Decided: June 17, 1959.
ROGER LA PARRE, PLAINTIFF-RESPONDENT,
YOUNG MEN'S CHRISTIAN ASSOCIATION OF THE ORANGES, DEFENDANT-APPELLANT
For affirmance -- Chief Justice Weintraub, and Justices Jacobs, Francis, Proctor, Hall and Schettino. For reversal -- Justice Burling. Burling, J. (dissenting).
In Collopy v. Newark Eye and Ear Infirmary, 27 N.J. 29 (1958); Benton v. Y.M.C.A., 27 N.J. 67 (1958) and Dalton v. St. Luke's Catholic Church, 27 N.J. 22 (1958), we held that under sound common law principles, and absent any binding statutory declaration to the contrary, charitable associations are justly to be held accountable for their tortious conduct in the same manner as are all other associations. Shortly after these decisions were announced, the Senate passed a bill (S 204) which granted immunity to charitable associations from liability to any persons who suffer damages from the negligence of any agents or servants of the charitable associations. Paragraph 3 of the body of this bill provided that it shall "operate retroactively to January, 1956," and the title to the bill contained a reference to such retroactive operation. When the Senate bill was considered in the Assembly it was replaced by an Assembly committee substitute which provided that charitable associations organized for hospital purposes shall be accountable in an amount not exceeding $10,000 to beneficiaries who suffer damages from
The provisions of paragraph 3 of the Senate bill were omitted entirely from the Assembly committee substitute, although the original title of the Senate bill remained unaltered. While the Assembly's failure to alter the original title may well have been inadvertent, its affirmative rejection of the provisions of paragraph 3 could hardly have been other than deliberate and presumably was motivated by doubts as to the constitutional power of the Legislature to bar causes of action in tort which had already accrued. See Terracciona v. Magee, supra; Siller v. Siller, 112 Conn. 145, 151 A. 524 (Sup. Ct. Err. 1930); Massa v. Nastri, 125 Conn. 144, 3 A. 2 d 839, 120 A.L.R. 939 (Sup. Ct. Err. 1939); cf. Pickering v. Peskind, 43 Ohio App. 401, 183 N.E. 301 (App. Ct. 1930); Cusick v. Feldpausch, 259 Mich. 349, 243 N.W. 226 (Sup. Ct. 1932). The Assembly committee substitute was duly passed by the Assembly, was thereafter passed by the Senate, and became L. 1958, c. 131, on July 22, 1958. Under its terms, it took effect immediately and expires on June 30, 1959.
On April 13, 1959 a successor bill was passed by the Senate (S 181), granting immunity to charitable associations from liability to any beneficiaries who suffer damages from the negligence of any agents or servants of the charitable associations. Although the bill was introduced after the Law Division had held in Turer and Terracciona, supra, that L. 1958, c. 131, was not retroactive, it contained no provision for retroactivity. In the Assembly it was replaced by an Assembly committee substitute which provided that charitable associations organized exclusively for hospital purposes shall be accountable in an amount not exceeding $10,000 to beneficiaries who suffer damages from the negligence of the associations or their agents or servants, and that other charitable associations shall be totally immune from responsibility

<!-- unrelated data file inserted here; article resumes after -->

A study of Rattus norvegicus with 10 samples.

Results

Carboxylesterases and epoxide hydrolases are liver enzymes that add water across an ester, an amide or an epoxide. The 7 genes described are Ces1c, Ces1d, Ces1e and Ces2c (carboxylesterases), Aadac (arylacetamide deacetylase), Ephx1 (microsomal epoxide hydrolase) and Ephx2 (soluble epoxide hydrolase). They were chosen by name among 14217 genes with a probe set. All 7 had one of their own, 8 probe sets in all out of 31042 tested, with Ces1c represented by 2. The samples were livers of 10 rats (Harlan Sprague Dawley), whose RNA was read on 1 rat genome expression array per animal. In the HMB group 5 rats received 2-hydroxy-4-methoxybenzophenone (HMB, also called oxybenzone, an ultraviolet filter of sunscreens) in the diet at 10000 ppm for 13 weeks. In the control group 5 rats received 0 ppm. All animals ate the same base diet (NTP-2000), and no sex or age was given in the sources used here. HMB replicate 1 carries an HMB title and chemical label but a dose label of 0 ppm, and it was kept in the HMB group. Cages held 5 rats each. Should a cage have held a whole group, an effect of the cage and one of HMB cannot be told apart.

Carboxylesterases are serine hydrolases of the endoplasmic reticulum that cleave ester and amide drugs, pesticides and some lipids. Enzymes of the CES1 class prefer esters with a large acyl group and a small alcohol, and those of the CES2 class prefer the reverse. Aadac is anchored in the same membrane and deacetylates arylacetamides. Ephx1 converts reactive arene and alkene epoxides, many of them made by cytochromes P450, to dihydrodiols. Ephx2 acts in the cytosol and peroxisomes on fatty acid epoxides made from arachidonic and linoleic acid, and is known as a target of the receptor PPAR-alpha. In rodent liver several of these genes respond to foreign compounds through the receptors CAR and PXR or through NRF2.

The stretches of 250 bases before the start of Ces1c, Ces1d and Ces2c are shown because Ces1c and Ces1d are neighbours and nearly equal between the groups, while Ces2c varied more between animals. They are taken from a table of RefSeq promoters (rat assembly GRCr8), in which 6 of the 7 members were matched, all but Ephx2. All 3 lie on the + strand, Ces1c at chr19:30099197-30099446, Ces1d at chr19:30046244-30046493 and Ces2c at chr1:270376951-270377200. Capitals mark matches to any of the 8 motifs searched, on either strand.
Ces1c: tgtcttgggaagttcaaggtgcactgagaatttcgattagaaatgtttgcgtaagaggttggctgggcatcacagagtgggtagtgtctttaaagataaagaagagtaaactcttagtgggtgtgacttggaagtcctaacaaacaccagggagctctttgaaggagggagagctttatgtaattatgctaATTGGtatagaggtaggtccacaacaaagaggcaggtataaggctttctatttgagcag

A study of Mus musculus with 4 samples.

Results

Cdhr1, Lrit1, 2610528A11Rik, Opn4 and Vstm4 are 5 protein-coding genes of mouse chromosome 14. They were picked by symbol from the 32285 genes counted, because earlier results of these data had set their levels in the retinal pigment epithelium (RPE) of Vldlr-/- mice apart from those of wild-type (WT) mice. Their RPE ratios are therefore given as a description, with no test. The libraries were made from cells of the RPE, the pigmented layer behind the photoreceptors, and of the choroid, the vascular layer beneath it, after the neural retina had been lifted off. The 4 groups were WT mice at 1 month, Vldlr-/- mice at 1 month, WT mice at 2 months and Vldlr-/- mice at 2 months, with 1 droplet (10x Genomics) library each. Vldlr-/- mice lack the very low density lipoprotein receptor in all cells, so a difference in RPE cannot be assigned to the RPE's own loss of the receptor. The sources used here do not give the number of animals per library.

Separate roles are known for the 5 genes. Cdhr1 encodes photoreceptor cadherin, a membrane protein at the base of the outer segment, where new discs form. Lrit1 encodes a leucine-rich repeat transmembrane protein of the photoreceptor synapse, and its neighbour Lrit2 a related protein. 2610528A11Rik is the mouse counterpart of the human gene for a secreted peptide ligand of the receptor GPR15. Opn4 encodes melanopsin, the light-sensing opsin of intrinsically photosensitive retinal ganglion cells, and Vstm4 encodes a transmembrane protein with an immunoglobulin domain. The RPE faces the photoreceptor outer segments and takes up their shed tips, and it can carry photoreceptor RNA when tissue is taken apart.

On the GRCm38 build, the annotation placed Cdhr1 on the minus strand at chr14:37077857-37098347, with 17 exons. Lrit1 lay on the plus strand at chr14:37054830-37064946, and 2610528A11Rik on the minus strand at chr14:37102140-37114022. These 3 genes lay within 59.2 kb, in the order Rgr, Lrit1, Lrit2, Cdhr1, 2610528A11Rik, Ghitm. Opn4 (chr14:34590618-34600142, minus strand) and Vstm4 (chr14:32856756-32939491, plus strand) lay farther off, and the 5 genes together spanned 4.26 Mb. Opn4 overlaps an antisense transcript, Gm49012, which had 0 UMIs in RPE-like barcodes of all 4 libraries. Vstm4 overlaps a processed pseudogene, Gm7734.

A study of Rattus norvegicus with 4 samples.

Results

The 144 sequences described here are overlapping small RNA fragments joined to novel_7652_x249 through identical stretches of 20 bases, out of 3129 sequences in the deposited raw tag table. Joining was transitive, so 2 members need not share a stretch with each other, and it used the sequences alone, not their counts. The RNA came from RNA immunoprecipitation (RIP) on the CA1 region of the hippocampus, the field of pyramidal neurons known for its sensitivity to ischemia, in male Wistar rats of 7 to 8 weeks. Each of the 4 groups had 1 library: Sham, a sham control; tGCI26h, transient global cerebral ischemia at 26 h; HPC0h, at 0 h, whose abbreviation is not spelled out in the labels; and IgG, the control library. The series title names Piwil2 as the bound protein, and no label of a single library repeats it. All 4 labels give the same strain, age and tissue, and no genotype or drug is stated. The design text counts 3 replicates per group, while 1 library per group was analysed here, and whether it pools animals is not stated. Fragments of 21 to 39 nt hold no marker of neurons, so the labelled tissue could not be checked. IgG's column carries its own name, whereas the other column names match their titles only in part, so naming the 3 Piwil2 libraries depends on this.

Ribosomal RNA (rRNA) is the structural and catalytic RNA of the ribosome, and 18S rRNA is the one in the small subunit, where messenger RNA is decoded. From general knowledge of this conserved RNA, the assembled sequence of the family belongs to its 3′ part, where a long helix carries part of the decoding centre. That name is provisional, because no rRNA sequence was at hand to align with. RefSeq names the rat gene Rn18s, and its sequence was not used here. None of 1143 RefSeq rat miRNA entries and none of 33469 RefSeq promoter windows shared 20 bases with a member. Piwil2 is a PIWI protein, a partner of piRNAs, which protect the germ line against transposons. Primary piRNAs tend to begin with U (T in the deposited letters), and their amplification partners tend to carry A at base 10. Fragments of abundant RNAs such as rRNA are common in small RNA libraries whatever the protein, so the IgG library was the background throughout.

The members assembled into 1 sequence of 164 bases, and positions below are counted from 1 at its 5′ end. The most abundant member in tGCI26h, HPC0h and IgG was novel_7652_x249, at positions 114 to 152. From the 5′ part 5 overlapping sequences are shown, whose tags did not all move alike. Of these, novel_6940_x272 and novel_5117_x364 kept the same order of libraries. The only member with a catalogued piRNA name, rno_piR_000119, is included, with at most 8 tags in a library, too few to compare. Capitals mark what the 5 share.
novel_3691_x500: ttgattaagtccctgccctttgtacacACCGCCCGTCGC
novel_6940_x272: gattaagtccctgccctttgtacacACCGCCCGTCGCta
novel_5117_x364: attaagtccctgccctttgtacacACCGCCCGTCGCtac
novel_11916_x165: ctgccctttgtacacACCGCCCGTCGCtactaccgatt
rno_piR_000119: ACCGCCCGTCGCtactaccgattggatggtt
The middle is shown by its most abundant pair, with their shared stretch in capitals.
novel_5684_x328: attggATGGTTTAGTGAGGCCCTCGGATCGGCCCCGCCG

It is well settled that in judicially construing a statute its terms are not given retroactive operation "unless they are so clear, strong and imperative that no other meaning can be annexed to them, or unless the intent of the legislature cannot otherwise be satisfied." See Kopczynski v. County of Camden, 2 N.J. 419, 424 (1949); Connell v. Carpenter, 9 N.J. Super. 236, 241 (App. Div. 1950). And if retroactive application would result in unconstitutional impairment of vested rights, it would generally be presumed that the Legislature intended that the statute operate only prospectively. See 2 Sutherland, Statutory Construction (3 d ed. 1943), § 2212. In the instant matter no determination need be made on the constitutional issue, for it is entirely evident to us from the pertinent history that the Legislature deliberately declined to make either L. 1958, c. 131, or its successor legislation (L. 1959, c. 90) retroactive in any respect. The judgment of the Essex County Court denying the motion for summary judgment was proper. See Turer v. Ahavas Achem Anshe, Belleville, supra; Terracciona v. Magee, supra.
BURLING, J. (dissenting).
I concur with that portion of the majority opinion holding that R.S. 16:1-48 et seq., is not retroactive. In my dissent in Collopy v. Newark Eye and Ear Infirmary, 27 N.J. 29, 61 (1958), incorporated by reference in Dalton v. St. Luke's Catholic Church, 27 N.J. 22, 28 (1958), and Benton v. Y.M.C.A., 27 N.J. 67, 72 (1958), my views were summed up as follows:
"Until such time as I may be convinced by a firm foundation in fact that the overturn of the charitable immunity doctrine will,
Suffice it to say that the legislative hearings and action following the decisions of this court in the recent charitable immunity cases have not convinced me otherwise.
Accordingly, I would vote to reverse the order denying defendant's motion for summary judgment.